Wonga Chairman Errol Damelin Stepping Down Ahead of FCA Payday Regulation
The Church of England has ended its links with WongaGetty

The Church of England is relieved to have cut all ties with controversial payday lender Wonga, which it turned out to have "embarrassing" affiliation with via its investment portfolio.

It emerged last year that the church had an investment of around £75,000 in Wonga, despite Archbishop of Canterbury, Justin Welby railing against it as part of his crusade against the iniquitous pay-day loans sector.

Welby pointed out that he has no legal say in how the Church of England handles its investments.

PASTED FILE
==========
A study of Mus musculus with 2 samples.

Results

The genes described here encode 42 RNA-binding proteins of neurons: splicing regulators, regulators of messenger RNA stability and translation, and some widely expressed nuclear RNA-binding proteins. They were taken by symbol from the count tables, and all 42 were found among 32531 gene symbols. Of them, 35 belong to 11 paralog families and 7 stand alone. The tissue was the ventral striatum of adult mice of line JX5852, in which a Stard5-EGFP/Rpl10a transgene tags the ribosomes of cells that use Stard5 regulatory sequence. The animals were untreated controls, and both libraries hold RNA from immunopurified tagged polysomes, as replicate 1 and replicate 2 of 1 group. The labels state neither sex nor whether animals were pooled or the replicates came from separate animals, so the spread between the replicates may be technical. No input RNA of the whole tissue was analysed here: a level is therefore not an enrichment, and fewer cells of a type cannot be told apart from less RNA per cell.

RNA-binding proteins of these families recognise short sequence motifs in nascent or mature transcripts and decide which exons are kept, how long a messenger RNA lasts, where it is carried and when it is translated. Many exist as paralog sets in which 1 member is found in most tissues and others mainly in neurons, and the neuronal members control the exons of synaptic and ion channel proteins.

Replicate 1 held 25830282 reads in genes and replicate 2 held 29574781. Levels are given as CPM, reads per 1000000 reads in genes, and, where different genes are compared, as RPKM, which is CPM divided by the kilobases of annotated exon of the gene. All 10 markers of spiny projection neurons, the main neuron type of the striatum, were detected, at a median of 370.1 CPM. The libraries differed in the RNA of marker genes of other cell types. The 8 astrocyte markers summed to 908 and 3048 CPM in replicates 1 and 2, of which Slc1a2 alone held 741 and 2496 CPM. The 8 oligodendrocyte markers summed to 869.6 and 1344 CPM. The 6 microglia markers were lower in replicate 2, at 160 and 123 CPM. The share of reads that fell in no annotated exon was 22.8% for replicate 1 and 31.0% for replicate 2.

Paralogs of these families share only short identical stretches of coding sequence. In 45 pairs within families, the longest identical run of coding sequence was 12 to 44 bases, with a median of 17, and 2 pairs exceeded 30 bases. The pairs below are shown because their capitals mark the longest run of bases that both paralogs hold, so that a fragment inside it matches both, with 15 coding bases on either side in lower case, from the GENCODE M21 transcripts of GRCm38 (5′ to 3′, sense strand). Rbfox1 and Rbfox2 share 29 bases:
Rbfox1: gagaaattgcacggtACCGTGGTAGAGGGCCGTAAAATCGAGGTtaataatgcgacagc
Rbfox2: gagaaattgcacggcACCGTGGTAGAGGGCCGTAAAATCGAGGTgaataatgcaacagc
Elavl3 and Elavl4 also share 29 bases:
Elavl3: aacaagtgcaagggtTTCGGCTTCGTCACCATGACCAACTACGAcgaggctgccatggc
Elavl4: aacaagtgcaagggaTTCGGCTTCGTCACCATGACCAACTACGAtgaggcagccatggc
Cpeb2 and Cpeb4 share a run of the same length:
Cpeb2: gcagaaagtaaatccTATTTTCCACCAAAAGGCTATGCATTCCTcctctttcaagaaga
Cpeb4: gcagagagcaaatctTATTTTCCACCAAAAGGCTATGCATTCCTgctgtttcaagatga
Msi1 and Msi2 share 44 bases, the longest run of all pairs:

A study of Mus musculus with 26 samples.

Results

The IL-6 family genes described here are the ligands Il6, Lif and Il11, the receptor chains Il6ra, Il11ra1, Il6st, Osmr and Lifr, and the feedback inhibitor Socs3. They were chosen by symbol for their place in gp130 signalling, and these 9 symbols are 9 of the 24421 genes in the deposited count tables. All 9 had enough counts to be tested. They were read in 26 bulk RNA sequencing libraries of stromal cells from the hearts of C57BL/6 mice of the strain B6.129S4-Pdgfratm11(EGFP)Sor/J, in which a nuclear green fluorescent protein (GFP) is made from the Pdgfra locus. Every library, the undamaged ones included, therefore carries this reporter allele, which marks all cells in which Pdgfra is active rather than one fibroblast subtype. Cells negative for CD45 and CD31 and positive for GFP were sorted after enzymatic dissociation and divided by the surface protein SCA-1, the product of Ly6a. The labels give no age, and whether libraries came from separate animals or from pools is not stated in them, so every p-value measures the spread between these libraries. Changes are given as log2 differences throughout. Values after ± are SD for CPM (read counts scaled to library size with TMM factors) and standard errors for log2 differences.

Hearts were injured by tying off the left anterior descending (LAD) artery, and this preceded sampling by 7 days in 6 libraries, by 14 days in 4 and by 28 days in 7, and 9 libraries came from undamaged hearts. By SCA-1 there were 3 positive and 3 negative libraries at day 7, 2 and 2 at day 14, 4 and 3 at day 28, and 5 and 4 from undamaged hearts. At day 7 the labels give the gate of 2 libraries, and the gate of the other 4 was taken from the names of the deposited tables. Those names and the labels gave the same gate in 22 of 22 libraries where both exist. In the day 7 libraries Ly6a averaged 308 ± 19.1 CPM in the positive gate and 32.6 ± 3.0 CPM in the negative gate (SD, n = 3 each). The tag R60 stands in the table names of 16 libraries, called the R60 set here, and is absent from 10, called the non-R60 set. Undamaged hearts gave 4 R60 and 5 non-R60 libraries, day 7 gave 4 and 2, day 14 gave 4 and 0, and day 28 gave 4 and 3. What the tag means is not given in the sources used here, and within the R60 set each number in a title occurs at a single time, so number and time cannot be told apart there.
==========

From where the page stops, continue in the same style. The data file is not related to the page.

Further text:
Meanwhile, a statement from Church Commissioners, who do handle such investments, said: "The Church Commissioners no longer have any financial or any other interest in Wonga."

The CoE added indirect exposure represented just 0.01% of the value of Wonga.

"The terms ensure that the Church Commissioners have not made any profit from their investment exposure to Wonga," read the statement.

Justin Welby next Archbishop of Canterbury
Justin Welby, Archbishop of Canterbury

Welby told BBC Radio 4: "It shouldn't happen, it's very embarrassing, but these things do happen and we have to find out why and make sure it doesn't happen again."

Welby's challenge to the proliferation of pay-day loans companies was to create a credit union, which could put them out of business.

He apparently told then Wonga boss Errol Damelin: "We're not in the business of trying to legislate you out of existence; we're trying to compete you out of existence."